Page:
Kvitova, the reluctant queen of Wimbledon
Czech Republic's Petra Kvitova holds the winner's Venus Rosewater Dish after beating Canada's Eugenie Bouchard in the Wimbledon women's singles final at The All England Tennis Club in southwest London, on July 5, 2014. Kvitova beat Bouchard 6-3, 6-0 - by Glyn Kirk
When Kvitova surprisingly defeated Maria Sharapova to win her first Grand Slam crown in the 2011 Wimbledon final, it was expected to herald the start of a dominant period for the youngster, whose aggressive style seemed perfectly suited to the demands of the modern power game.
But Kvitova's no-nonsense on-court exterior hides a her true personality, which is far more quiet and reserved, and she has been engaged in a long battle to deal with the harsh glare of the spotlight.
That dispiriting period came to a glorious end on Saturday as Kvitova routed Canada's Eugenie Bouchard 6-3, 6-0 in the quickest Wimbledon final for 31 years.
Kvitova's brilliant display of sledgehammer hitting capped a dominant fortnight for the sixth seed at the All England Club.
She dropped just one set in the entire tournament and, showing a hard-earned awareness of the pitfalls and pressures of success, she wiped away tears of joy to insist there will no repeat of her period in the wilderness this time.
"It's so special. All my team helped me a lot throughout the years to come back here and win the trophy again," Kvitova said.
"It is my second title so I hope it will be a little bit easier for me to handle."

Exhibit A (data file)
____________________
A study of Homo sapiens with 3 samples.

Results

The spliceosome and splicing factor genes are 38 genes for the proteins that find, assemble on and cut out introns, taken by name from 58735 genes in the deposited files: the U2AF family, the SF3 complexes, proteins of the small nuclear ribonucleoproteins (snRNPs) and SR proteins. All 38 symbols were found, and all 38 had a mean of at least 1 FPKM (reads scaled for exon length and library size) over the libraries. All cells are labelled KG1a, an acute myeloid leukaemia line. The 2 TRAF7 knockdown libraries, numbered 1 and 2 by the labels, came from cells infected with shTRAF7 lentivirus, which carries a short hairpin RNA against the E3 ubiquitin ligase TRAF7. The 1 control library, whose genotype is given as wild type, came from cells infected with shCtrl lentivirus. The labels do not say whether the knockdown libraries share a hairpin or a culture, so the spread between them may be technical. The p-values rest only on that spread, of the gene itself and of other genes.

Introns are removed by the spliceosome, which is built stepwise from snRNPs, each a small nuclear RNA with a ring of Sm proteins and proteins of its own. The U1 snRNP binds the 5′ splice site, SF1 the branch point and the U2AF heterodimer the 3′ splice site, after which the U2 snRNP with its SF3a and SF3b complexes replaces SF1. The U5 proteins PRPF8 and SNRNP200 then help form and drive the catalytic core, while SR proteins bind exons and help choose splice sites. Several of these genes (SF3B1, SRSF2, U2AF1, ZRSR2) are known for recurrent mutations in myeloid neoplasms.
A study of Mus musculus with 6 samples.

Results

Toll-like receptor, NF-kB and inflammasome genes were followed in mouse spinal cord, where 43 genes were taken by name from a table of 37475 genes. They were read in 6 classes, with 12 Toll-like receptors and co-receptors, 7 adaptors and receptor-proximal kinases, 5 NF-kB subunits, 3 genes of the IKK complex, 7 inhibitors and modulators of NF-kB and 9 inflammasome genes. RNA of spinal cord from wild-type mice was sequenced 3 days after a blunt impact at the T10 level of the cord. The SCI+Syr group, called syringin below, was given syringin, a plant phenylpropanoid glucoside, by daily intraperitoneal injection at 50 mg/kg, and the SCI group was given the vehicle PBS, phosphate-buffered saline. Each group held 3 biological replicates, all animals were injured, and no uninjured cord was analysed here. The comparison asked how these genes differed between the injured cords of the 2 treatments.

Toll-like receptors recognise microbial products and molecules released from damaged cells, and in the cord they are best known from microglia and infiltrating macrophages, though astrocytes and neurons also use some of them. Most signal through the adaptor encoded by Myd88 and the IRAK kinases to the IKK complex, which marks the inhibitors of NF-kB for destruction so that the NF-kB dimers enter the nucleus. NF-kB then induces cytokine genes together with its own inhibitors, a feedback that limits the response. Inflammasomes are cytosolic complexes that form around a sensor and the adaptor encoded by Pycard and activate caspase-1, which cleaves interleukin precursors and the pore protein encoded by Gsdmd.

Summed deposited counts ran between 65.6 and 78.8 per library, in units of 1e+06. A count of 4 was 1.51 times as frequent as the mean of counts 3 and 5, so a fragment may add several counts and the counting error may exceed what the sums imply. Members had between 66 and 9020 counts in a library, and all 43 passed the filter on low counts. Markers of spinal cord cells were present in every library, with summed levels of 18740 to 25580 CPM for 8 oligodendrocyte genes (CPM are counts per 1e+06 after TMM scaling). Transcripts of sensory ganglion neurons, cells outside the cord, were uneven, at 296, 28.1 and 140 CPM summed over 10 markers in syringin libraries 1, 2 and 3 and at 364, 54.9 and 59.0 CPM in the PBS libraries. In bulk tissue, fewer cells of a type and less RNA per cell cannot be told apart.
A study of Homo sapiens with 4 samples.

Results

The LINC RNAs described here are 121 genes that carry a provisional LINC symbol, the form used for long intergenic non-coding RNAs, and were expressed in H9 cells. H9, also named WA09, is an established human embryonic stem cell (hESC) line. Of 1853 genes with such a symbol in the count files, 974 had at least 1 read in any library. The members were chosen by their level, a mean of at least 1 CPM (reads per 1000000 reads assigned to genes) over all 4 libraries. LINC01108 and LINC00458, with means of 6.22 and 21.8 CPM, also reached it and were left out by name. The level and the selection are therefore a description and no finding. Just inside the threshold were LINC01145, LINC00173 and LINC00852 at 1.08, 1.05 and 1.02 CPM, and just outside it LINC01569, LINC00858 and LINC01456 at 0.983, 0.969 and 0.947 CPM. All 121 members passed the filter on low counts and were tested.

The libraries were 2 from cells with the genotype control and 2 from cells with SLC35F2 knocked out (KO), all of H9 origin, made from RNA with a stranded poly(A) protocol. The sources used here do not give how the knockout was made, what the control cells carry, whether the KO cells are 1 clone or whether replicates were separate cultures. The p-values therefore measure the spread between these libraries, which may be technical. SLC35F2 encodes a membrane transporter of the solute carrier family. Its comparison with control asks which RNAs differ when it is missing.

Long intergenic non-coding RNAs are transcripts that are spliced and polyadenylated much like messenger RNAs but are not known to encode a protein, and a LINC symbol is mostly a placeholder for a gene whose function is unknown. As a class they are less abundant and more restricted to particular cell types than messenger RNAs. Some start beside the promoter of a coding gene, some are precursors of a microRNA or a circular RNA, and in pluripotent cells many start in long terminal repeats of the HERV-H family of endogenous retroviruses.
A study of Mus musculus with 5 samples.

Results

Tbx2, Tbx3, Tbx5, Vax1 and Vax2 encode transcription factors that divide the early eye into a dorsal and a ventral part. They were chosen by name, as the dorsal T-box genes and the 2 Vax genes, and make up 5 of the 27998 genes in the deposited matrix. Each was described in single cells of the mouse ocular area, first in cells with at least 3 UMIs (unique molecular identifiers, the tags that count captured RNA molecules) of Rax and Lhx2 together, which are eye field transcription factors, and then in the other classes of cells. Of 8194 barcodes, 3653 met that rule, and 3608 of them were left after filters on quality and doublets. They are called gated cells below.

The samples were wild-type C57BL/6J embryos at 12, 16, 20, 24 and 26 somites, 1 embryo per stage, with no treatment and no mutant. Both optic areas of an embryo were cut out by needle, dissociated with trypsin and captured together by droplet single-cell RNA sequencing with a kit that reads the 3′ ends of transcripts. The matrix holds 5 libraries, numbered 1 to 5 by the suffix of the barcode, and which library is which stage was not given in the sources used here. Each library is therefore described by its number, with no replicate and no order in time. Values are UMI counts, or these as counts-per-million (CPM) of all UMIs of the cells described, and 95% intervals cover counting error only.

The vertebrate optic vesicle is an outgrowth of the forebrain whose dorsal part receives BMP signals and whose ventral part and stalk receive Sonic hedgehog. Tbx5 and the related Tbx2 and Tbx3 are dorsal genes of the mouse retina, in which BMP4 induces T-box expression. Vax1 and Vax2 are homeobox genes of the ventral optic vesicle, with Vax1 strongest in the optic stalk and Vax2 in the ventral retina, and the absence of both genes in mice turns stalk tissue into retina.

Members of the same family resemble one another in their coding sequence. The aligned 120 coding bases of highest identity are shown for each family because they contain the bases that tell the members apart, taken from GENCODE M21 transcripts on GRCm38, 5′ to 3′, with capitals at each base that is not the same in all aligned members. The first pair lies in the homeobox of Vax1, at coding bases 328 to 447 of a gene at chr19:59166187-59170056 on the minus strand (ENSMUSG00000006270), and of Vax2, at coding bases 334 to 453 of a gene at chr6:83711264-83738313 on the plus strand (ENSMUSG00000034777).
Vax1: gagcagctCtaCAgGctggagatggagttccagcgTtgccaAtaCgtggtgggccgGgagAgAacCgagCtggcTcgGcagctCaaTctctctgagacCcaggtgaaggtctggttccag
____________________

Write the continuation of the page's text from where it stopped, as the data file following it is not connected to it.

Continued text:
From being a relatively anonymous figure on the women's tour, Kvitova's previous Wimbledon victory had brought her uncomfortable and unwanted scrutiny from the world's media and fans intrigued by her sudden rise to prominence.
It was a transition that proved extremely difficult for Kvitova and combined with a split with boyfriend Radek Stepanek -- a player on the men's tour -- her form nosedived dramatically.
"It was really a point when everything changed in my life after Wimbledon," she said.
But she put those doubts and fears to bed in stunning style with her Centre Court blitz of Bouchard.
- Idolises Navratilova -
Introduced to tennis by her father Jiri, Kvitova grew to idolise Czech legend Martina Navratilova while watching television footage of her heroics at Wimbledon and eventually followed in her footsteps onto the WTA Tour in 2008.
She made an immediate impact, reaching the fourth round of her first Grand Slam at the French Open.
Her first title arrived in Hobart in 2009 and she broke into the world's top 30 after reaching the Wimbledon semi-finals a year later.
Kvitova's star was in the ascendent and in 2011 the rest of the world got to see it as well as she won Wimbledon.
It was a fitting stage for Kvitova as she was the first left-handed female player to win the Wimbledon singles title since Navratilova in 1990.
She was also the first Grand Slam winner of either gender to be born in the 1990s.
Yet it was the moment everything changed for Kvitova.
She crashed out of the US Open first round and struggled in her next 10 Grand Slam appearances.
"You are most of the time favourite of the match and it's really not easy. It needs some time to get used to," she said.
But as she matured, Kvitova gradually been able to find a way to cope with those expectations.
Now 24, she has grown more comfortable with the trappings of success, swapping the humble Skoda she drove when she won Wimbledon for a more sleek BMW and moving to the millionaire's playground of Monaco.
And back on her favourite grass courts at Wimbledon, her form has finally returned over the last two weeks.
After capping her renaissance by lifting the Venus Rosewater dish again, Kvitova admitted Wimbledon was the perfect location to show she has grown up at last.
"It's Wimbledon. It's the best tournament in the world for me. This is what makes tennis special," she said.